Nairobi's cultural heritage under scrutiny 

Joy Mboya speaking at the Tamaduni Conference on July 24, 2023. PHOTO | POOL

Count on Prof Kimani Njogu and his Twaweza Communications to tackle the tough cultural questions like how to get the county government fully engaged in strengthening Nairobi culture in all its diverse genres, including cultural heritage.

It began last week at Kenya Cultural Centre during ‘Tamaduni Conversations Nairobi’ when Dr Mshai Mwangola gave a thumbnail history of Nairobi and her historical perspective enhanced by Joy Mboya, (founder-executive director of the GoDown Art Centre) who noted Nairobi was culturally multi-layered, starting with the Maasai.

The rest of the layers were constructed, she added. A trained architect who’s been involved with the culture sector since she was eight, Joy recalled the poem on elves that she performed at a music festival that year.

She had memorized it so well that she spontaneously shared it while on the first-panel discussion of the day.

Creatives who attended the Tamaduni Conference July 24, 2023, at Kenya Cultural Centre. PHOTO | POOL

Having teamed up with British Council to explore issues of cultural heritage and county government, Twaweza’s Irene Cege introduced the rest of the first panel which included Department of Culture’s Julius Manzi, UNESCO’s Judy Ogana, and Maurice Otieno of Baraza Media Lab.

It was Manzi who reminded us the first framework best used to address issues of cultural heritage was Kenya’s 2010 Constitution.

That’s because it identifies Culture as the bedrock of social development. He also noted there is a Nairobi City Culture Act, but admitted it needed more input from the cultural sector.

Fortunately, Twaweza had also invited Humphrey Otieno from Nairobi County government to participate in the cultural heritage conversation.

Otieno has already been engaged with cultural practitioners like TICAH (Trust for Indigenous Culture and Health).

It had been through his support that TICAH has a regular monthly drummers’ session in the park in front of the former Hilton Hotel.

He also approved their creating murals in various parts of CBD, including the long wall across from Jivanjee Garden near Globe Cinema roundabout.    

Public spaces in Nairobi like the ones TICAH has already beautified were another subject that panelists and Twaweza wanted to address.

That was why Sarakasi Trust was invited to attend, represented by Marion (aka Mama Sarakasi) Op het Veld.

Sarakasi had formerly been the commercial Shah Cinema but currently, it is a performance centre that Marion says is mainly used to train acrobats and dancers, but it’s also available for public use by other artists.

How to generate more public spaces was a key concern raised. But Otieno said the County government is prepared to assist more cultural groups once they come forward and engage with him.

One group that has utilized public space while also engaging at the grassroots with the local community is the Wajukuu Art Centre.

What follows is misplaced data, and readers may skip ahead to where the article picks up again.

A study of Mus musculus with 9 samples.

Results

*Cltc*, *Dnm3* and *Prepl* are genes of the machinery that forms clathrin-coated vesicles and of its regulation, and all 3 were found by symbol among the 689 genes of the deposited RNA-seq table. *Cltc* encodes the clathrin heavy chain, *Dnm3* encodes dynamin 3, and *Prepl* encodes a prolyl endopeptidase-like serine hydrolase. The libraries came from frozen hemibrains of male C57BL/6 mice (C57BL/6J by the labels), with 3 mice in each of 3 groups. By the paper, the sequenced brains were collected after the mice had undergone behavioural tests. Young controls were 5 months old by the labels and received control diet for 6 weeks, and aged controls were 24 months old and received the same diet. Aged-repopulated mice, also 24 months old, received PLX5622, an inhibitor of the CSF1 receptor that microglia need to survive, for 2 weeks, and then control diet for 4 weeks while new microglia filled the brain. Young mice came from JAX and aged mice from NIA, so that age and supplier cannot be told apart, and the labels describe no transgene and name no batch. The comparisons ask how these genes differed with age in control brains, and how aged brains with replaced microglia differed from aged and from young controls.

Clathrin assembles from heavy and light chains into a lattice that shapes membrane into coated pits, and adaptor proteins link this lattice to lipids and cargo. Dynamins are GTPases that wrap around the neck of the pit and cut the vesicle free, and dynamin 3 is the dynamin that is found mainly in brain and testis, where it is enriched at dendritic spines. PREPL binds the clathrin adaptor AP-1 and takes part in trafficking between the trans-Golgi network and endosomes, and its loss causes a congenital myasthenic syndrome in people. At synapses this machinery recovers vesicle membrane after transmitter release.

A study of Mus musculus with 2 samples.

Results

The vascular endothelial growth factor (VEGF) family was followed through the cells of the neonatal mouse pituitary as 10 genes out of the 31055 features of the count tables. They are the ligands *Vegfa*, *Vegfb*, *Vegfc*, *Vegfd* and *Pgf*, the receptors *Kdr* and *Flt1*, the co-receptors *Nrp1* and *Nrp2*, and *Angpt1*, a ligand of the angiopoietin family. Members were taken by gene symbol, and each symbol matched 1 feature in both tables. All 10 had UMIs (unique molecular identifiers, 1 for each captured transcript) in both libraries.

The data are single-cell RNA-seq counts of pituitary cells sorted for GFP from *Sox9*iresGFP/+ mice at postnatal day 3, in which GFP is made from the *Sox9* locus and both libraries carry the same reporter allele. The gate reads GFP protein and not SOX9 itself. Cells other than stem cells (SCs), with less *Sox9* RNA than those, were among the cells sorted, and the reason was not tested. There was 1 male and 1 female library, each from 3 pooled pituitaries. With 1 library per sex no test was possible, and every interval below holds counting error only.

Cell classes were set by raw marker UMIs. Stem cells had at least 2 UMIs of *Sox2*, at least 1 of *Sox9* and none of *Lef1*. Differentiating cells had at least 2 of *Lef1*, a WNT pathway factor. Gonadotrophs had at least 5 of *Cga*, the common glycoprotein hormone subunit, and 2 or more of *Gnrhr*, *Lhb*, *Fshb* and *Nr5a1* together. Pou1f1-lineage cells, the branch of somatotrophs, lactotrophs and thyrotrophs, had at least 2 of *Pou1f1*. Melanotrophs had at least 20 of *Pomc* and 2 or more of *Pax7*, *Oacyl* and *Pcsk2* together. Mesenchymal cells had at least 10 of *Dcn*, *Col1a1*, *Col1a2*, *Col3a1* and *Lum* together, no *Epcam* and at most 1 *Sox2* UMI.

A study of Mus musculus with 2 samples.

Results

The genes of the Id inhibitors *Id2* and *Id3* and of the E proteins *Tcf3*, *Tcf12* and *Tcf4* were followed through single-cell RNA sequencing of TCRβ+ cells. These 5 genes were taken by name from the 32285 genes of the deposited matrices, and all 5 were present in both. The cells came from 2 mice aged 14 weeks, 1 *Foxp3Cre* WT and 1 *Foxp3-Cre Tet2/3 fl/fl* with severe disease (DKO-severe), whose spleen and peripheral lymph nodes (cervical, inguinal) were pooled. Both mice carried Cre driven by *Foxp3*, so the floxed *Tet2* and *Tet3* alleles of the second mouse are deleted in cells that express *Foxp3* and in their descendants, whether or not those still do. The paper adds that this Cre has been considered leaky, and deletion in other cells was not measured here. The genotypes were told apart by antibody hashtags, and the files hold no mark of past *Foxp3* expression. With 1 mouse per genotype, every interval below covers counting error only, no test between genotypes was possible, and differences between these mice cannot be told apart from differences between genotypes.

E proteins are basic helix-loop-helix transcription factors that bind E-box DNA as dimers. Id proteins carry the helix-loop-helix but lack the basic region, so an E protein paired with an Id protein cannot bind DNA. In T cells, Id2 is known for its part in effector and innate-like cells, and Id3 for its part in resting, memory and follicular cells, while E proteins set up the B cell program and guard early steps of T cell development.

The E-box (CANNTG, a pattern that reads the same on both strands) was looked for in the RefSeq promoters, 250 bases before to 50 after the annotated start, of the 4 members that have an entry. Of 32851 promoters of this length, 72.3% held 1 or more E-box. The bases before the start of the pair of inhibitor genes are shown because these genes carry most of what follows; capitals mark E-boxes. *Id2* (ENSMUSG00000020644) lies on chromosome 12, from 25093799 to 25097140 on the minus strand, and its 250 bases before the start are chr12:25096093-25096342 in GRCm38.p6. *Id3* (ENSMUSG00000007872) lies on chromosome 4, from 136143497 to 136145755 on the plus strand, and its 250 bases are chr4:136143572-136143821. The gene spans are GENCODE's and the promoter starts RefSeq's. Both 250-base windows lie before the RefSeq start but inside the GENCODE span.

Based in Mukuru Lunga Lunga, it’s a public space frequently referred to as an informal settlement. But Joy noted it should just be called what it is, a settlement.

Wajukuu was represented on the second panel by Ngugi Waweru who just got back from Germany where the centre just won first prize from Documenta, (a leading European cultural festival) for its qualitative engagement with the local community.

Dr Mshai Mwangola-Gitonga moderating the Tamaduni Conference at Kenya Cultural Centre on July 24, 2023. PHOTO | POOL

The panel also included Churchill Ongere from the Kuona Artists Collective, and African Art Matters’ founder and lead writer Peter Achayo.

Moderated by Dr Lydia Muthuma of the Technical University of Kenya, she admitted that her degrees in Art History were grounded in European, not African art.

But hopefully, writers like Achayo will generate sufficient information on Kenyan and African art to create books and blogs to raise awareness of what Judy Ogana described as a vibrant Nairobi culture.

One point that Joy raised was that while mapping out sectors of the city, GoDown found that most communities are segregated from one another in the city, either by geography or choice.

Despite this reality, Judy still contended Nairobi was a vibrant cultural hub both nationally and regionally.

She and others suggested that having more cultural festivals was one vital way to bridge the gap between communities and rouse awareness of the city’s wealth of indigenous culture and cultural heritage.

Otieno also observed that more cultural festivals would make Kenya all the more appealing. As such, he suggested cultural groups also need to engage with the Ministry of Tourism since Nairobi and Kenya as a whole have much to offer culturally, not just in terms of wildlife.

In the end, what was agreed was that more needs to be done for cultural heritage, the main one being to devise a Strategy for strengthening structural links between cultural heritage and county government.

PAYE Tax Calculator

Note: The results are not exact but very close to the actual.